5 minutes with: Lois Chimimba – 'I still cannot believe that we were in Vogue'

The actress chats about ‘winging it’ in the industry and a revamped, reworked ”” opening at the National Theatre

Carly Bawden as Alice and Lois Chimimba as Aly in '''
Carly Bawden as Alice and Lois Chimimba as Aly in
© Brinkhoff Mögenburg

I lived in Malawi until I was two before moving to Scotland and living in Glasgow; my mum is Scottish and my dad is from South East Africa. I originally wanted to be a pop star so I started going to a speech school in Glasgow but realised that being a pop star was maybe not the right thing for me. I started doing drama classes every week and that became more of a focus.

I knew so little about the industry, even when I auditioned for drama school, I only auditioned for four. Being up in Scotland I'd hardly even heard of all the places you could go to and London is so far away, I'd only been to London once before. I was definitely a novice in terms of industry knowledge but I just kind of went for it.

I must have been about 15 when I first said to my mum 'I want to be an actress' . As an engineer, she gave me lots of warnings about not having any money and how I might never make it but I decided to do it anyway. I studied drama at college before coming down to London to go to Mountview and I have stayed ever since.

Last year I did a Richard Bean play with Max Stafford-Clark and Out of Joint. It was really good fun. The play was called Pitcairn and featured Tahitian women, it was based around the mutiny on The Bounty. At the audition Max asked me what I knew about Tahitian dance and I kind of made it up. I then had to make up an African-merengue hybrid dance for him to no music. I sat back down and he didn't even say anything about it. But I got the part. The moral is, you've got to wing it and maybe some good will come of it.

I still laugh because I cannot believe that we were in Vogue. We found out about the shoot after we'd done the Manchester run when we got an email through saying American Vogue had been confirmed and that we were to be at a studio to meet Grace Coddington who is the woman at Vogue to shoot with Kendall Jenner. I was nervous they were going to make me do loads of poses and act like a model but they mainly gave us acting notes so you didn't feel like you were having to pose. We met Kendall and she was really sweet, it was all a bit of a whirlwind. I haven't got a copy yet but when we get them delivered I'm going to carry one around in my bag to show whoever I can.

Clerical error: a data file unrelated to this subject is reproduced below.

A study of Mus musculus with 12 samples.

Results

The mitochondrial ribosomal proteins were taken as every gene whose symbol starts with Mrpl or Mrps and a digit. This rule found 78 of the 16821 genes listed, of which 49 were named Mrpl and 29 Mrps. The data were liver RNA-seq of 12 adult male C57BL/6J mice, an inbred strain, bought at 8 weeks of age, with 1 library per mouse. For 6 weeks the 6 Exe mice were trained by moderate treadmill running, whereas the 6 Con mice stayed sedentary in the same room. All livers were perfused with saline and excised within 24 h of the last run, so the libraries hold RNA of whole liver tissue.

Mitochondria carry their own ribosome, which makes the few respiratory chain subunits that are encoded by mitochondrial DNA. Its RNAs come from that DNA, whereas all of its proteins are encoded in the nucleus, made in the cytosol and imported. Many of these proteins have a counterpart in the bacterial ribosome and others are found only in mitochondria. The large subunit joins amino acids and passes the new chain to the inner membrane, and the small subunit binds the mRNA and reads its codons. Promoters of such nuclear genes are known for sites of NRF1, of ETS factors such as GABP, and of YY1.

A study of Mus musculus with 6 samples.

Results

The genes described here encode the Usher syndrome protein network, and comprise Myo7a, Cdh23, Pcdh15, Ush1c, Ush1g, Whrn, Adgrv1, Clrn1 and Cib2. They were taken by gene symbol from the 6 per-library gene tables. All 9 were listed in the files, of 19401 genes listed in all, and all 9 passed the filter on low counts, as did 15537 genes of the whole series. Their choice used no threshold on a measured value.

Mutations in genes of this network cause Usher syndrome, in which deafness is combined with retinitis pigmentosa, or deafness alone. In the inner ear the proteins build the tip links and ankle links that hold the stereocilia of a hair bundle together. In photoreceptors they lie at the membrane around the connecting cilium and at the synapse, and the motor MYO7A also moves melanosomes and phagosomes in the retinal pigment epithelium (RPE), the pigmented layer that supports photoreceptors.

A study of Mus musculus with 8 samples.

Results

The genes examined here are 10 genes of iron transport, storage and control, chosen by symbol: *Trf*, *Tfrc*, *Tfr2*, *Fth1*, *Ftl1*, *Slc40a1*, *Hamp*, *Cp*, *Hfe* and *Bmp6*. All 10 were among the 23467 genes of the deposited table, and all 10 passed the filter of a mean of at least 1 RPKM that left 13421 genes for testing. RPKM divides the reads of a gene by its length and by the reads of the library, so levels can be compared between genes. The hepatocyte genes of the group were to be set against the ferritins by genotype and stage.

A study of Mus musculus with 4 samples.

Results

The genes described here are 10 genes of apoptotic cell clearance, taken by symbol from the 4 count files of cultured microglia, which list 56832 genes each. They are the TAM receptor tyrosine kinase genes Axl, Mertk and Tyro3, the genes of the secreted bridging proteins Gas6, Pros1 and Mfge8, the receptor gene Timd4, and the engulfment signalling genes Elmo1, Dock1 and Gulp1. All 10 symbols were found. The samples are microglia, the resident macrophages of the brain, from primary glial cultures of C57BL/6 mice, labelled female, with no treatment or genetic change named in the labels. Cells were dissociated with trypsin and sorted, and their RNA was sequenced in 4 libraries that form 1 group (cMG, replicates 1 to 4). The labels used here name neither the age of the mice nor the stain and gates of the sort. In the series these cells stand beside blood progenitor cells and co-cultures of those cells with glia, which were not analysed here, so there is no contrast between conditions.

The first demos we heard for were sung by Damon [Albarn] and the music was developed over a few workshops before Manchester. Originally there was a sense of having electronic music when we were online and in wonderland and a slightly more analogue, Victorian sound for the real life stuff, influenced by the period Lewis Carol would have been writing in. But we went back to the script and reworked it all and loads of the music has changed now.

In Manchester, Aly was 12 whereas now she's 14 she's a bit feistier. There's more of a rockier element now and the music has been revved up a bit to reflect that. We don't have as much of that Victorian sound and none of the music is pre-recorded, the band now do everything live, even things that sound electronic.

I got to go to Damon's studio and work with him which was amazing, I felt a bit like a rock star. He's got every instrument under the sun. They listen to how we sing and the music has been altered in some places if there is something in our voices or something that one of the characters brings to the music that changes an idea.

Some people have really elaborate costumes which means they're completely dictated by what their costume allows. The only thing for me is that I've got really big hair but it makes me feel more like Aly. I’ve got nothing that hinders me at all. I can’t blame the costumes or the hair!

My character Aly is 14, her parents have split up and she's living with her mum and brother. The girls at school are bullying her, she finds her mum annoying and her dad has a gambling problem. The world is a bit grey and she finds solace in this game where she creates an avatar who looks more like the traditional Alice in Wonderland character. She's slim and blonde and brave and curious and through her Aly finds the strength to take on the world. I guess it's about her coming to terms with being Aly rather than having to be Alice.

I've been working with BBC3 on a comedy pilot, we're just waiting to find out if that is going to get commissioned. I'm also workshopping some new plays with Out of Joint again in the new year but we are doing up until we go to Paris in June so we still have quite a long time. runs at the National Theatre until April 2015.